Nepal Cultural Tips

In general, Nepal is a very traditional and orthodox culture with strong Buddhist and Hindu cultural roots as well as a complex tribal and caste structure. Foreign visitors are urged to respect the multi-cultural taboos and practices that are common in the nation by adhering to them in order to get personal respect in return. The following cultural advice is provided for visitors to Nepal:

  • Namaste” with folded hands (palms pressed together like a prayer) is a way of formal greeting. Shaking hands is not the norm except for business purposes.
  • Dress up very modestly in Nepal. Women covering their arms and shoulder areas, chest, abdomen, and thigh will be considerate and humble.
  • It is more respectful if you address people by calling them didi (elder sister), baini (younger sister), dai (elder brother), bhai (younger brother), buwa (father), or muwa (mother).
  • Always finish your food served on the plate if you are a guest in a Nepali family. Leaving food unfinished on the plate indicates an unsatisfying meal to your host. If you feel that the food portion is too large for you, ask your host to remove some from the plate before you begin eating and they will happily do so. You are always welcome to add some more food later if the initial service did not fill you up.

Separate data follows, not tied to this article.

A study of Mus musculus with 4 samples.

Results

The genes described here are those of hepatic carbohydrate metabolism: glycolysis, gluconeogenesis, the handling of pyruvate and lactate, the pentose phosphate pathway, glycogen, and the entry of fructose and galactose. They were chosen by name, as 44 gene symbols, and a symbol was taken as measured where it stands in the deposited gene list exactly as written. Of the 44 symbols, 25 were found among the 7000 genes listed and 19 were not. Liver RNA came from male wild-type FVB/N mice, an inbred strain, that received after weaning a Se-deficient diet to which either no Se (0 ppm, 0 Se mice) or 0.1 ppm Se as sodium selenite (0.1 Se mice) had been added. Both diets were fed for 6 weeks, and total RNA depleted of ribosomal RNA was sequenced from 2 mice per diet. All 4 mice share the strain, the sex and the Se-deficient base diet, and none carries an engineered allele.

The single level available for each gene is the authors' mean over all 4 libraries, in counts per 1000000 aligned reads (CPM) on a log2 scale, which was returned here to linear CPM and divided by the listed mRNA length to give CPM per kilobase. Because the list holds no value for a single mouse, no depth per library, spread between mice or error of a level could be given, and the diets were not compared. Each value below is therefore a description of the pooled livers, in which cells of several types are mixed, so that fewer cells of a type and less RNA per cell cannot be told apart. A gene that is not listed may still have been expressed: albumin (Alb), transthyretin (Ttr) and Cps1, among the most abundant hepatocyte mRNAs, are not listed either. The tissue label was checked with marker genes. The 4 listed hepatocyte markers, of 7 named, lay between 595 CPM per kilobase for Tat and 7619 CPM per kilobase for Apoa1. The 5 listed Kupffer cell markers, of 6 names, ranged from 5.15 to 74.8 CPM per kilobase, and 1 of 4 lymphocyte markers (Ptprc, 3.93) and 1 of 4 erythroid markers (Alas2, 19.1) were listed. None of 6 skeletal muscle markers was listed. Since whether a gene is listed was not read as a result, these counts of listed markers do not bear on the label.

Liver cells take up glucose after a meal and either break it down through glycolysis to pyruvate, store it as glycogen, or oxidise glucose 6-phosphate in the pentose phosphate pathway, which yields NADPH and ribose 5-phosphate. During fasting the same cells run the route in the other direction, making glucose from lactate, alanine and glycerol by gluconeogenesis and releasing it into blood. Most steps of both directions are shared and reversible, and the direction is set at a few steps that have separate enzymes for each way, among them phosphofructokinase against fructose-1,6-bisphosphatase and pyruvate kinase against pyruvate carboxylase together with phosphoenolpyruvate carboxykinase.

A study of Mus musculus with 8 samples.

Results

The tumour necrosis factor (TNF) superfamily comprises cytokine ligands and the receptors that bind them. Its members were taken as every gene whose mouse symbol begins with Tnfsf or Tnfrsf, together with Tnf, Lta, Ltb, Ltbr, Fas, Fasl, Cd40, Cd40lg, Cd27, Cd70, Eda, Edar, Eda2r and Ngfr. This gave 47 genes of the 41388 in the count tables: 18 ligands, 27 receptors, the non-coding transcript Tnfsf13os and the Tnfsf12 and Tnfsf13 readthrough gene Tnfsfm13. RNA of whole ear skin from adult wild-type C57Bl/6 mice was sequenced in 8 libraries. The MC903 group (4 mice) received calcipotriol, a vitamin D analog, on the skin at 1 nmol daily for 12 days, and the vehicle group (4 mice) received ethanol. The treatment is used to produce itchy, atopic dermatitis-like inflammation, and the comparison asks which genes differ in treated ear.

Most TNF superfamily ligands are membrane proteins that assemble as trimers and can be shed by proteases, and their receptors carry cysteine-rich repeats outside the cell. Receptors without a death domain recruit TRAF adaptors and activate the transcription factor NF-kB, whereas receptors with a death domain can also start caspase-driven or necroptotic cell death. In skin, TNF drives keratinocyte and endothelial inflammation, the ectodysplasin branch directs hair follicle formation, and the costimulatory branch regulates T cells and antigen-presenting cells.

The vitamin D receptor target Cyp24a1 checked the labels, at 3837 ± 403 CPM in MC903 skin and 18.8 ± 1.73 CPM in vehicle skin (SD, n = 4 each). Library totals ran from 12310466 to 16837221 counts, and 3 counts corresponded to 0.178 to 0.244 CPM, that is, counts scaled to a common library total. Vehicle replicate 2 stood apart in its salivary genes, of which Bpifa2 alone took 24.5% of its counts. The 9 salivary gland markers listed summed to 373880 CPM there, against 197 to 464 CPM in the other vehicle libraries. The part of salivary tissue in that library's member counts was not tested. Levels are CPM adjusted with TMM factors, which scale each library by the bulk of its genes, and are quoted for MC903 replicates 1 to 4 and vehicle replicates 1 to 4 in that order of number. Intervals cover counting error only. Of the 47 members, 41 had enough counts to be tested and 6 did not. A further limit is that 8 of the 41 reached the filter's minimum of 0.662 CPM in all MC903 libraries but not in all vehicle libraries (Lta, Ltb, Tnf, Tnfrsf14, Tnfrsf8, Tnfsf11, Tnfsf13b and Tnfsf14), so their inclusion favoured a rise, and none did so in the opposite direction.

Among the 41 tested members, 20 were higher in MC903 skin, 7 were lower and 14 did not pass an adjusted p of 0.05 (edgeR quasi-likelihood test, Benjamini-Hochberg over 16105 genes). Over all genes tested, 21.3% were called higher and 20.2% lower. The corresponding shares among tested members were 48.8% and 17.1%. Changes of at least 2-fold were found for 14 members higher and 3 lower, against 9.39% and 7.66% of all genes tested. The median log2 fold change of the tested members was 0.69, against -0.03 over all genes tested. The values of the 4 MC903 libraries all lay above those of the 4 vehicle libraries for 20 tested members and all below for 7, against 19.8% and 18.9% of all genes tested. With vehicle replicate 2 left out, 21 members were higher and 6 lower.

• Non-Hindus are not permitted entry to some religious sites which should be respected. At places where permission is granted or in Buddhist monasteries, you are expected to dress respectfully covering your shoulders and knees.
  • Always clockwise around Buddhist sacred Stupas and monuments.
  • Bringing a gift to your hosts when you are invited to their house is an honorable gesture.
  • Showing too much skin is not considered respectful, especially for womenfolk. Men usually wear shirts and long trousers while women wear sleeved shirts, long skirts, sarees, loose trousers, and salwar kurtas.
  • Leather items are generally not permitted inside the Hindu sacred areas.
  • It is considered very bad if you point the soles of your feet to anyone.
  • If eating with your hands, just use your right hand. The left hand is kept aloof for washing after using the washroom and is not considered offensive.
  • Remember, once you’ve touched any food item to your lips, it is considered adulterated for everyone else. It is not considered hygienic if you eat from other people’s plates or eat together on a single plate. The same formula applies to drinking water or other beverages.
  • When entering a local person’s house, you are expected to open your shoes and leave them outside the door. Feet and shoes are often considered ceremonially unclean.
  • If you are trekking in the mountains, do not leave your trash behind. Pack out your litter or dispose of it in the allocated bins.
  • Tipping, usually in hotels, restaurants, and to drivers, guides, and porters, is a customary thing. Some bills may not include a service charge, however, tips are always expected.